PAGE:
How to get Windows 10 now: how to download and install Windows 10 even if GWX.exe is missing
Some of you may be aware, there's been a bit of controversy over the setting of cookies on computers by web sites throughout the world. This has resulted in EU legislation that requires site owners to tell users they are loading cookies on their computers, why they're doing it and how to avoid them. Depending on how you read the legal stuff, depends upon what action you may as a site owner take, or not. The potential problem is, as an owner, you could be fined up to £0.5m for not complying, though the EU have said they don't intend to use a sledgehammer to crack a nut!
Part of the legislation says, cookies should not be set for a period that is onerous. In other words, they should be set at sensible time periods that can be justified as being reasonable. Most you will find are set from around six months to two years and it seems that's the norm. PCA's own cookie by comparison is 5 years, way above average. But imagine my surprise when researching PCA cookies to discover inskinad.com (one of the cookies that PCA sets on your computer) has a life of 7,987 years! No, you didn't misread that, the cookie expires on the 31 December 9999!
How can anyone justify that? I really wouldn't want to go into battle with the EU on that one!
I don't have any web sites any more, so I can't confirm if this is still normal.
My website is still in the 'embryonic' stages of development...cookies are off-menu at the moment.My computer-savvy pal (a web-site builder) will keep me up-to-date on the legalities regarding cookies...personally speaking I much prefer 'Caramel Wafers' (TUNNOCKS).
Graham*, you could start here and work your way through. The video's not bad, but the guy is a typical government salesman trying to sell the benefits. Anyone who thinks it doesn't apply to them, needs to look carefully at all aspects of their sites.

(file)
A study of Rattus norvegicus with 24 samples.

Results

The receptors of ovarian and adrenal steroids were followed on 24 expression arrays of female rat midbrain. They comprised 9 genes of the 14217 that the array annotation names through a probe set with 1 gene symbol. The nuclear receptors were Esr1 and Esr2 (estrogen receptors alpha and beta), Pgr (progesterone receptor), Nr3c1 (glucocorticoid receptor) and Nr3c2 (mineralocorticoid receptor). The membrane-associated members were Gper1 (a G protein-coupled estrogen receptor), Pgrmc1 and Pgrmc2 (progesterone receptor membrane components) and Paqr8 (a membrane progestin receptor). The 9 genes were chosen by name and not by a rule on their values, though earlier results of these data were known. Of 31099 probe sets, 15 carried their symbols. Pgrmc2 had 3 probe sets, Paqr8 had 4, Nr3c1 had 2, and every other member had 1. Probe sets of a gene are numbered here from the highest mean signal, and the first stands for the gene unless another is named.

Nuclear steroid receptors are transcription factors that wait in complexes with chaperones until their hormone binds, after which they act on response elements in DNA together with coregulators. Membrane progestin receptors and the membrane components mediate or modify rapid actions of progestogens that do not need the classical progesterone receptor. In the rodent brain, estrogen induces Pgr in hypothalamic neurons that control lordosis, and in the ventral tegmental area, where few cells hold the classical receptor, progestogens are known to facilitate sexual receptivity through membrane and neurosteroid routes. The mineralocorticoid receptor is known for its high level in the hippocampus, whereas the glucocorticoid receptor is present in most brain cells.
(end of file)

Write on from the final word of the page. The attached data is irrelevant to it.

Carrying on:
For example, if you use Google Analytics (as many do), it most certainly applies to you. If you have any sort of content management system including a blog, then almost guaranteed, cookies will be used.
The first thing to do is a cookie audit, which should tell you what (if any) cookies are being produced.
Burying your head in the sand isn't an option. Though typically, the UK is one of the first countries to attempt compliance, while most of the rest of Europe ignores it.
forum member, I never suggested there was anything sinister about long life cookies, simply that I wouldn't want to try and defend it in court. Furthermore, the really long life cookie I quoted was not produced by the site builder, but by a third party. It maybe the third party has no intention of changing their ways. And therein lies the rub and a potential bust up with the ICO.
Perhaps I am reading this 'cookie thing' the wrong way, but I tend to find that legislation isn't always 'policed' as was originally intended, so to some it can be a complete mockery.
Perhaps off subject, but I have not long sent an email, and in response I received a very simple two line paragraphed reply to the question asked. To download this reply, I have had to use extra paper and printer ink, so as to receive a whole lot of 'data protection' 'cookies' ' confidentiality' waffle, that could have possibly been easier to provide a link for this added inconvenience. Did the sender (a well known company) go rather over the top or was it a requirement, possibly translated incorrectly?.
Some sites seem to have gone OTT with the cookie legislation (e.g. which.co.uk, which has a large drop down bar that appears on every webpage until you actively accept their policy).
Others simply show a short statement as a small drop down on the page that you use to enter the site that simply states that if you continue to use the site you are deemed to have accepted their policy.
As I clear all my history out many times a day, the which.co.uk approach is a pain in the butt.
The problem is spuds, the chances are the legislation has been correctly interpreted.
We're now constantly bogged down with EU nonsense (I'd call it something stronger but would probably be banned). Just for example, I have a little 49cc motor scooter that I use to get around town. Just recently, I needed to re-insure it for the year. When I finally chose my provider, I got reams of completely irrelevant (to me) bits of paper; key facts, my statement of fact (as if I didn't know what I'd said) and goodness knows what else. All I wanted was an insurance certificate! We're being suffocated by bureaucratic rubbish, but failure to comply in this instance, could lead to an uncomfortable life.
Site owners have a choice. They can choose to ignore it, but it's no good complaining if the ICO come knocking at your door at some point in the future.
Batch, I think you're going to see far more of the "which" approach in the coming months.